Award shows irrigation industry today ‘makes every drop count’
March 9, 2010 By Lorne Haveruk
On Jan. 12, 2010, I was honoured with the Water Conservation Award for
2009 (presented in Toronto during Landscape Congress 2010).
Unbelievable and deeply humbled for receiving an award for doing what I
do…and over the past 20 years have come to love to do. When I see what
can be achieved through education and application of the excellent
irrigation water saving devices produced by the manufacturers of
irrigation-related products, I wonder why others do not do the same.
Irrigation in Canada has been around for hundreds of years, if not thousands. Simple dirt channels used to divert water from a given path to a path more beneficial to growing food is an example of a very early use. Large irrigation has been the norm, primarily utilized for crop watering throughout drier regions of Canada, namely the Prairie Provinces.
“Go big or go home” used to be the motto of the irrigation industry. My award shows that the irrigation industry has changed to one of “making every drop count.”
I did not do this alone and wish to acknowledge the Landscape Ontario Irrigation Commodity group, Hunter Industries, Rain Bird, Canada Turf and Toro for their contributions and time. One LO summer student by the name of Tom has become knowledgeable with irrigation by working alongside members, especially Neil Whitehall from Watertight Home Services Irrigation Division and John Lamberink of Aquality Irrigation who donated time, expertise and labour to make these installations possible. Rodnie Johnson of IPS and a few other members came to learn and help with the installation—all contributing their part to a successful, highly water-efficient, plant-specific irrigation installation that took place over a period of three weeks.
This award was given based on three different irrigation systems that I designed, organized and oversaw the installation of this summer at Landscape Ontario’s site in Milton. Three types of systems have been installed. Point source low-volume irrigation components provided by Rain Bird, supported by Vanden Bussche, now waters the perennial plants in the front entrance planter island. The difference is that each of the more than 150 perennial plants has its own emitter buried at 250 millimetres, making it difficult to see that irrigation has been installed… great for sites that experience vandalism.
John Deere and Hunter provided the product for the same location subsurface annual plant bed irrigation system. The Hunter drip line is buried at 100 millimetres depth. This provides water to the plants roots through capillary action and is virtually an unseen system. A new Hunter DC (battery) multi-station controller (no power, no problem) was combined with a rain sensor to prevent watering in the rain, saving 12 per cent or more of the water, plus not drowning the plants by overwatering.
Toro, with the assistance of Turf Care, provided an exciting new spray sprinkler nozzle known as Precision Series H20 chip technology spray nozzles. These nozzles use less water to provide hyper streams of water that oscillates back and forth inside a specially-designed chamber without any moving parts. The results are reduced runoff, lower water use and very uniform coverage. The results are complete umbrella coverage of water—and as LO past president Franz Peters of Humber Nurseries noted, “fantastic coverage,” when I demonstrated the system for him.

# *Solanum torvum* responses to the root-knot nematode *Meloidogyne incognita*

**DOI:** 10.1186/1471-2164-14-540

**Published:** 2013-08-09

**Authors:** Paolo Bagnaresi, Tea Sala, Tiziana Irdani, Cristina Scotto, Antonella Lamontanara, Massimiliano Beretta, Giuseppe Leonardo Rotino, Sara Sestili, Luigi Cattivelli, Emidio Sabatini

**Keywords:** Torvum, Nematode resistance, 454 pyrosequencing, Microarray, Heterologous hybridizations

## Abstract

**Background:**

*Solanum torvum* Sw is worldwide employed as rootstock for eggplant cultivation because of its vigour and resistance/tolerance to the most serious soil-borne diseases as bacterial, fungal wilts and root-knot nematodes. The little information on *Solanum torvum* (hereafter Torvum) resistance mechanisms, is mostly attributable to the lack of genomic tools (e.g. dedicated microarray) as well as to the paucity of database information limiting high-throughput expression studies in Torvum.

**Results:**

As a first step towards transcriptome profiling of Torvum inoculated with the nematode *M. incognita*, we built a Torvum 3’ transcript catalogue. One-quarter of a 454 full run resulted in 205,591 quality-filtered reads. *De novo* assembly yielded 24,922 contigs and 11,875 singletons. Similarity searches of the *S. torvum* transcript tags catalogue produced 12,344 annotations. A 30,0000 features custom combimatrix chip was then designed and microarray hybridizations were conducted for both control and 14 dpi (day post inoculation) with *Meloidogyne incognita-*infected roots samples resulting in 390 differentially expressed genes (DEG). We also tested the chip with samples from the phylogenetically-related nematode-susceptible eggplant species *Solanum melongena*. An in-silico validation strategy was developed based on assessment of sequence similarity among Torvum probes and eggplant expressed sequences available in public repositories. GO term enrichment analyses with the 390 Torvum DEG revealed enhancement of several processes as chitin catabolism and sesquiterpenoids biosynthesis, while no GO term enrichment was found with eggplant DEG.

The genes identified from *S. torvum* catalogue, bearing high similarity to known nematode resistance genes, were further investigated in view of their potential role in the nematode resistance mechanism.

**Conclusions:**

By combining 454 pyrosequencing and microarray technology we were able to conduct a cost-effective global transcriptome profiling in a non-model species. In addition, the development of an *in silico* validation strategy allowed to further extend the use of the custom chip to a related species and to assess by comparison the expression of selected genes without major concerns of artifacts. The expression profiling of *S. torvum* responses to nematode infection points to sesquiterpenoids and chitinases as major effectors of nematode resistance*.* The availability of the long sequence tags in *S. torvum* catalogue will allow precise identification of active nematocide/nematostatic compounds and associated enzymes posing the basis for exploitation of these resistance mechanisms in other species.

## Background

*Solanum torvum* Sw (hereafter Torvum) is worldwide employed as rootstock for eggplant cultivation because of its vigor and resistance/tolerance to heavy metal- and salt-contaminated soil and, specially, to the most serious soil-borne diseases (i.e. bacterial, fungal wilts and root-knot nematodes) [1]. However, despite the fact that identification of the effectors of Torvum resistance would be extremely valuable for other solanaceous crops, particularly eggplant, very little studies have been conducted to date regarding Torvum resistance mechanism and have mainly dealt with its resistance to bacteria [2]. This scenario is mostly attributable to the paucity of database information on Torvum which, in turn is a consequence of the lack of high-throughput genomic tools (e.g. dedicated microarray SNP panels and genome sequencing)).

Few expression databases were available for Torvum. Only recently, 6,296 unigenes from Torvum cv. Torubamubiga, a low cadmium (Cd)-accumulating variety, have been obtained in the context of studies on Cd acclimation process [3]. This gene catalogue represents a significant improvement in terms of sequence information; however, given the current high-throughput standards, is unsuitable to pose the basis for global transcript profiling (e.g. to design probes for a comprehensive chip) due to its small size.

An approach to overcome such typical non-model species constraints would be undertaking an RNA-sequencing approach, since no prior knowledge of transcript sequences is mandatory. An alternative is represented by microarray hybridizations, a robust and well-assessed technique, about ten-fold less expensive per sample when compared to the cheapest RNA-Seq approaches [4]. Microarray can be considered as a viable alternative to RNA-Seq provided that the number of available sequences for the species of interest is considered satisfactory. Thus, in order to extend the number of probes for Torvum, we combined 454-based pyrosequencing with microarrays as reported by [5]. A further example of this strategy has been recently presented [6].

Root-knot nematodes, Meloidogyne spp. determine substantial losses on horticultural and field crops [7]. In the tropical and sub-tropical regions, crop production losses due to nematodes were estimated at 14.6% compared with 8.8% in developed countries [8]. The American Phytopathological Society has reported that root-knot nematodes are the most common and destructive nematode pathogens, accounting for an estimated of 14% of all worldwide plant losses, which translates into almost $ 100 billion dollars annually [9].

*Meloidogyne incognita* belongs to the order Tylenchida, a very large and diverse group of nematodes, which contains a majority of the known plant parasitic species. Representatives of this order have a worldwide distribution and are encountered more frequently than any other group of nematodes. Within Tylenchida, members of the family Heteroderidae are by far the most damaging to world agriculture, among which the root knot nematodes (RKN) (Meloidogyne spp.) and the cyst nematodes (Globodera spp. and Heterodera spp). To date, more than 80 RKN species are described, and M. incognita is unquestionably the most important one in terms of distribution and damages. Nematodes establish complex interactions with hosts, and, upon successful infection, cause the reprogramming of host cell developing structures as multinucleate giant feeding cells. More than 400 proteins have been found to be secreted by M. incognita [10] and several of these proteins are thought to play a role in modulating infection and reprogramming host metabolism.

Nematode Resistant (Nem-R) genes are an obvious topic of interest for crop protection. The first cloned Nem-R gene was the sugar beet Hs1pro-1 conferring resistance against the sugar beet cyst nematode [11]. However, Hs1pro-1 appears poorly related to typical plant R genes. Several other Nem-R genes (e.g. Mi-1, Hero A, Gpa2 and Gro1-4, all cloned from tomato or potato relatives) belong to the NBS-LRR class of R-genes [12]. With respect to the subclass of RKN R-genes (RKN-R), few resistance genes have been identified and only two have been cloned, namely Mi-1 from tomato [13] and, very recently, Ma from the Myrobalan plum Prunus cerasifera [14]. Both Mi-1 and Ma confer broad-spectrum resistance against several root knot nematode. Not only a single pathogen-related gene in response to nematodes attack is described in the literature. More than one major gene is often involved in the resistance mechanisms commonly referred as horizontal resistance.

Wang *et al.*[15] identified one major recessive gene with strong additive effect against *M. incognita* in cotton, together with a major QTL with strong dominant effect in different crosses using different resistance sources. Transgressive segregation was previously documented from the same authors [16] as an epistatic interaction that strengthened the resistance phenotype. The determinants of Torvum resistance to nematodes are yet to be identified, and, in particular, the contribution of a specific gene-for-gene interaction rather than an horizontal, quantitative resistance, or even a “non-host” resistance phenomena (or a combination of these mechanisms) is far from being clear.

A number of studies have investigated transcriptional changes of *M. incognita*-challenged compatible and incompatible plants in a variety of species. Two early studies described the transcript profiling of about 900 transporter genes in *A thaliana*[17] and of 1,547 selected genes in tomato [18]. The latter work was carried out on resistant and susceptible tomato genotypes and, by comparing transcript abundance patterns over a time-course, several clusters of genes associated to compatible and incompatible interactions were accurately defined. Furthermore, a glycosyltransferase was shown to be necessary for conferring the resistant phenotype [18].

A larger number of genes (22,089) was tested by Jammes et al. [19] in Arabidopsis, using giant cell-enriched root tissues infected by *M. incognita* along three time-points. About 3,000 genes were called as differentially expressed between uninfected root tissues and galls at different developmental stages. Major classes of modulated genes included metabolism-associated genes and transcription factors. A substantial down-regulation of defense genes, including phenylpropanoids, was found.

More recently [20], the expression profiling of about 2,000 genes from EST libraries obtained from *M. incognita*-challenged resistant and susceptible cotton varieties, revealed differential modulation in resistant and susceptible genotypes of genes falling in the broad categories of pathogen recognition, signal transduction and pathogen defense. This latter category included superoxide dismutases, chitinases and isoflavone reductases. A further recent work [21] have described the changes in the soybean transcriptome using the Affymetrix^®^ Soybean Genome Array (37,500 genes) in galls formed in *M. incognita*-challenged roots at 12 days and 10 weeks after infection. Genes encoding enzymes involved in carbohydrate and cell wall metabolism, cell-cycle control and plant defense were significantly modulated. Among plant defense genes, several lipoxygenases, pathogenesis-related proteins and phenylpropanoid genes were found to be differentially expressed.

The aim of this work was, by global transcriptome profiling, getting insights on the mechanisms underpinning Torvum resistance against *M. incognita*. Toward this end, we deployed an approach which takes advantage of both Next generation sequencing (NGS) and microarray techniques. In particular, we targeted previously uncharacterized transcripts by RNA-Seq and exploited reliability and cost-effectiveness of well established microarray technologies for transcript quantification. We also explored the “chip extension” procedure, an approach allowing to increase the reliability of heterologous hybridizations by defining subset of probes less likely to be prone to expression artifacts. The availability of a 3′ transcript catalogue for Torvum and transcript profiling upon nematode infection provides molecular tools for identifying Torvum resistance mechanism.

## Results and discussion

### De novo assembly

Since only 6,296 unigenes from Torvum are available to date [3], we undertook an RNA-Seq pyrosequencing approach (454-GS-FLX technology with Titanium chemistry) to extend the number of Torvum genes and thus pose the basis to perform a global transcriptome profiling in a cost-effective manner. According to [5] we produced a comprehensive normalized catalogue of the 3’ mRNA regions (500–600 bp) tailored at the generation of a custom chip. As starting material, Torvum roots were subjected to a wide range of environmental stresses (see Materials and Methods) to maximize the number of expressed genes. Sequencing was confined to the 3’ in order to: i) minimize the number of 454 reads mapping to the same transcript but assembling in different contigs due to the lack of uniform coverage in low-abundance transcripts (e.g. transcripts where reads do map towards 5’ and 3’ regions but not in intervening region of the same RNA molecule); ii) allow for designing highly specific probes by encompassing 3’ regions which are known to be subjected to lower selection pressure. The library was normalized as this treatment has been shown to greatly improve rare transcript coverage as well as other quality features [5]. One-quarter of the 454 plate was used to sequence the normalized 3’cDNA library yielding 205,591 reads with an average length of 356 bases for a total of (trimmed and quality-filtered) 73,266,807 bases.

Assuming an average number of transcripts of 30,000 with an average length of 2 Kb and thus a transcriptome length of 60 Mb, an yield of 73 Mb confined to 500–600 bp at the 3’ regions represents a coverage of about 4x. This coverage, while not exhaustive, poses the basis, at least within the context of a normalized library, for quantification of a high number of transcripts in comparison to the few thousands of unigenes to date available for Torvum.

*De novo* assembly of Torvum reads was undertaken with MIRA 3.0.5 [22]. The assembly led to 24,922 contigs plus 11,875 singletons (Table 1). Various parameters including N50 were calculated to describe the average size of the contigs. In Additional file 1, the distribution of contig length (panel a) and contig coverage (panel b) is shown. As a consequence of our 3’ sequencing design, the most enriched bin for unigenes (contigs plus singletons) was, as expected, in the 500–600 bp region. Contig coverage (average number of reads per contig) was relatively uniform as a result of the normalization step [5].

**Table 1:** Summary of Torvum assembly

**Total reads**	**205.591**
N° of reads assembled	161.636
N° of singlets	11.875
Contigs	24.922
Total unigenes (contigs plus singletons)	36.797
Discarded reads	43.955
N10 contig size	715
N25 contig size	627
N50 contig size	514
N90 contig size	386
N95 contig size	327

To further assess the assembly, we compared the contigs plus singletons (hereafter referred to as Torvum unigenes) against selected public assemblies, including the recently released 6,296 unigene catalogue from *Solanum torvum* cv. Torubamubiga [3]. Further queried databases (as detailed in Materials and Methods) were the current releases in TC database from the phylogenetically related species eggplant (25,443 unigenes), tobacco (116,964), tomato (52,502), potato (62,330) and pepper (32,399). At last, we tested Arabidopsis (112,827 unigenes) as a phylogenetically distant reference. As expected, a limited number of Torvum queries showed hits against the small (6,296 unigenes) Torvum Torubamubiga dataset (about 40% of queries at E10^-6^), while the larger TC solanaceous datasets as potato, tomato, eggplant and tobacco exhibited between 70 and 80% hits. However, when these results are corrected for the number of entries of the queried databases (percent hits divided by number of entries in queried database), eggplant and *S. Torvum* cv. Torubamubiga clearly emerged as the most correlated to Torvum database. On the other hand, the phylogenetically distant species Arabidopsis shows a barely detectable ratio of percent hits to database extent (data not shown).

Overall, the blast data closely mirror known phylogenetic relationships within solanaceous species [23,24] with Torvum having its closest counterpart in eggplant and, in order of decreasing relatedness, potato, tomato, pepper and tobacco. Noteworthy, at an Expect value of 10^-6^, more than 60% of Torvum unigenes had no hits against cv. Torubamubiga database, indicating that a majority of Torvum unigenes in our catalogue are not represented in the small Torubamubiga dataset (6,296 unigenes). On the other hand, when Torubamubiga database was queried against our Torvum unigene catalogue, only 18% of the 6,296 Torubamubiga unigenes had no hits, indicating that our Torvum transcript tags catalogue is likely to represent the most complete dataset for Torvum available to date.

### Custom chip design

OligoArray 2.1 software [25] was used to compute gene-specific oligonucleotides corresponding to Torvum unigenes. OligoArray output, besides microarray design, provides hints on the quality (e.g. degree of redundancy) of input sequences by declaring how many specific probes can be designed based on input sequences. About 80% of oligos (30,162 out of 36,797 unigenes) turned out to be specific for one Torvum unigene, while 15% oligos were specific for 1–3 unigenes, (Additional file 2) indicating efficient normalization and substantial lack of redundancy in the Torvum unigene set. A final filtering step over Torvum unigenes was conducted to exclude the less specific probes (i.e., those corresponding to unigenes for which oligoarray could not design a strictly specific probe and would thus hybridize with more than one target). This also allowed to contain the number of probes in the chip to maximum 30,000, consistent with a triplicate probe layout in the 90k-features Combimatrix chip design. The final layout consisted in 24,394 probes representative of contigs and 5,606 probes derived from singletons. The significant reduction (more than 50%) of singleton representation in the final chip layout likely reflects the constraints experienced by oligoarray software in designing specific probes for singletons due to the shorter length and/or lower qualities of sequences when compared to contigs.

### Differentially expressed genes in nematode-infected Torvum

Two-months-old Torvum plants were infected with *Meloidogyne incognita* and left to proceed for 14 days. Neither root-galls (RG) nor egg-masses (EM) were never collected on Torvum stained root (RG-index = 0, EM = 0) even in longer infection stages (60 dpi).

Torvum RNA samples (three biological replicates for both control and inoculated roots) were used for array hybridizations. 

If you know, work, design, maintain, or do anything with irrigation or in case of LEED where irrigation is not required…here is your challenge. If you are not current with irrigation product, technology like SMART ET controllers, wireless rain sensors, in some cases wireless station valves, single-site computer control systems, Internet-based irrigation system water management, or just how to effectively schedule the irrigation system you manage…it’s past time to “GET SMART ABOUT WATER.”
At LO for all to drop in and see, play, start up and investigate how the system works (just don’t reschedule as they are weather-based control systems), are systems that make ever drop count. The point source system uses around 70 gallons of water per week, compared to a spray system to water the same plants consuming 2.700 gallons…a big difference.
So, why did I receive the award and not everyone in the irrigation industry who have worked so diligently over the past 20 years to bring irrigation from the Stone Age to the space age? I guess the award goes to the lead person. I in turn am re-awarding the Water Conservation Award for 2010 to everyone who strives to take irrigation to the next level by being actively involved in the irrigation industry and supporting their local associations. If you are one of these people…congratulations. If not, what are you waiting for? Get involved with your local irrigation group today and you, too, will be a winner.
Lorne Haveruk, CWCM-L, CID, CIC, CGIA, CLIA, WCP, Principal, DH Water Management, is one of the country’s leading irrigation consultants, focused on all aspects of water resource management (planning, design, consult, project management, and education). For additional information, visit www.dhwatermgmt.com. To contact the author directly, email email@example.com.